Member Since 14 Oct 2010
Offline Last Active Aug 24 2014 04:22 AM

In Topic: Handle length

19 April 2013 - 04:53 AM

It is actually the difference between the top end and the bottom end which controls the relative lengths of the lines. Thus holding a bit lower just means the bottom moves a little less while the top moves enough in the opposite direction to make up for the amount the bottom doesn't move. Do the math and you will see that the difference (total motion) will be the same for a given angle no matter where you hold the handles. This is for a given handle length; as CodyG's image demonstrates, longer handles equate to more motion-per-angle-change.

The one change when adjusting where you hold the handles (and it is very small) is that with a top-hold you are having all the motion occur at the bottom end and means that you are slightly loading the bottom of the sail as you change angle in the braking direction, whereas if you hold the handles near the middle, you will be doing less loading of the bottom of the sail and slightly unloading the top of the sail. This is such a small amount (inches) compared to moving your arms (many inches) or taking a step forward or backward (a foot or more) that it can be ignored. If you want to load or unload the sail you won't be doing that by rotating the handles.

 

Changing where you hold the handles just changes which muscles you are using to hold (in a steady position) or to rotate the handles. Holding the handles so there is no tendency for the line tension while in a hover to rotate the handles (you just pull the handles toward you). Holding higher (thumb on the top end) means you have to exert effort to pull the bottom more than the top (while in a hover). The muscles that control your ring and pinky fingers, and the muscles that rotate your whole hand toward the pinky will be under constant tension. Some like this, because it means you don't have to make the transition from no muscle tension to muscle tension. I suspect that it makes your reaction time a tiny bit quicker, and may also provide better feedback about what the kite is doing. I also suspect that the muscles that rotate your hand down are a bit stronger than the ones that rotate it upwards. I know that a mid-hold will soon result in sore muscles along the top of my forearms. The most comfortable hand position (for me) is with the thumb being a nearly straight extension of the forearm and the fingers angled slightly down.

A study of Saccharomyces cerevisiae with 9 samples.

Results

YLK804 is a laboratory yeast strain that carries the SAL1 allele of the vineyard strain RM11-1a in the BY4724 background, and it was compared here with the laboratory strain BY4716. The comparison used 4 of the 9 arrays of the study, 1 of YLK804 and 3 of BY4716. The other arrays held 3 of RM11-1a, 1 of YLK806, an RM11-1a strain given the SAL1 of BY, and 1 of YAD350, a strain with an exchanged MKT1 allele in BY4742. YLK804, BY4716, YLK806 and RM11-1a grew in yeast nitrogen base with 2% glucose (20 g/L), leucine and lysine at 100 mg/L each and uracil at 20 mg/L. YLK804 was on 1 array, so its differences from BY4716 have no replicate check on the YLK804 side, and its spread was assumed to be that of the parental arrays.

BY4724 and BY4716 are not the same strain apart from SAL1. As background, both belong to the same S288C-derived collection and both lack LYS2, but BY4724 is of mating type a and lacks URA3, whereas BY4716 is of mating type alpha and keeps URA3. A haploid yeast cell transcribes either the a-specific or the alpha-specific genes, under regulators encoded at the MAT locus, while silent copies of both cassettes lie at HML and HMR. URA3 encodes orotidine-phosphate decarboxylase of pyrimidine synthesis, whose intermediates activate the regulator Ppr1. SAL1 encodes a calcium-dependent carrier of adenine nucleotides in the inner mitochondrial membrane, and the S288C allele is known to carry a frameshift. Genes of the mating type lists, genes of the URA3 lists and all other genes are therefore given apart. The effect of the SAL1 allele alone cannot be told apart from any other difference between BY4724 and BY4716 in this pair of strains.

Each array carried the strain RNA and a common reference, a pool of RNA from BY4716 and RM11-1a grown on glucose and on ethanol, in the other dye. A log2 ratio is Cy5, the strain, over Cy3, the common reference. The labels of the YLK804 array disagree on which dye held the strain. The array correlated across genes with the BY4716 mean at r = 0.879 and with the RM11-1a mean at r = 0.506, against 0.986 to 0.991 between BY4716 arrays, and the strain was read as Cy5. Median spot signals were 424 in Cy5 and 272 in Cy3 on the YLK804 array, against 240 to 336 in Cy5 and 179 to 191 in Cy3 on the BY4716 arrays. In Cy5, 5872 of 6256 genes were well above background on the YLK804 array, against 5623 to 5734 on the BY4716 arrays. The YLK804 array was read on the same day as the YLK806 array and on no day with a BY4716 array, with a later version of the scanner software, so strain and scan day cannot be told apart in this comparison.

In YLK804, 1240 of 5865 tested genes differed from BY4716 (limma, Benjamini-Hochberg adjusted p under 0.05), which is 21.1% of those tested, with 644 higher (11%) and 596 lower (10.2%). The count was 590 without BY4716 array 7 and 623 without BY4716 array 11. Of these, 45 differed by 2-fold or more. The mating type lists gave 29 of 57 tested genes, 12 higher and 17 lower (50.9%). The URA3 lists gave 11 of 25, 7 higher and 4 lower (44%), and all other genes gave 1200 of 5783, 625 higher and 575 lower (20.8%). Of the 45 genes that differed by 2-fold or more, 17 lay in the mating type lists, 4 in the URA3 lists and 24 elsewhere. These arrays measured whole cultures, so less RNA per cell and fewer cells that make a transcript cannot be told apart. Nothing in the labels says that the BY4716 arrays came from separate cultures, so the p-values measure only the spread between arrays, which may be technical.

In Topic: Never used music. Am l missing out?

11 March 2013 - 06:57 AM

I never fly to music. For me music of any kind is one of two things: the absolute focus of my attention to the exclusion of EVERYTHING else, or really annoying noise. I like music, but not while I'm doing something else. Exceptions are dancing (of course, although I have been known to totally ignore my partner) and while driving (music and driving seem to occupy different parts of my brain).


In Topic: Brand New Midvent Pros!

27 November 2012 - 05:51 AM

I have to note that those seem an odd color choice for someone from Columbus, OH.

I thought that Maize and Blue were forbidden colors down there. Posted Image

In Topic: Rule #1

14 September 2012 - 11:30 AM

"When all the parameters change, it's not possible to say which caused the whirlwind." [Elizabeth Moon]

In Topic: Obliviots

07 August 2012 - 08:25 PM

OMI (Obliviot Motorized Infantry)
[...]
Note the tire tracks going over my flip flops, two kite stakes, and 8 lines. 5 feet from my sitting position lawn chair next to pick-up.


You need a chunk of pipe, as heavy as you are willing to carry, which you can drive in next to your handle stake. Put a banner on it if you want something decorative. Two five-foot pieces of 1/2" with a coupling should be enough, and fit in the bed of the pickup easily.

BTW, Obliviots are not found only on the sand-side of the waterline: I once had another boater try to go between my boat and the boat I was towing.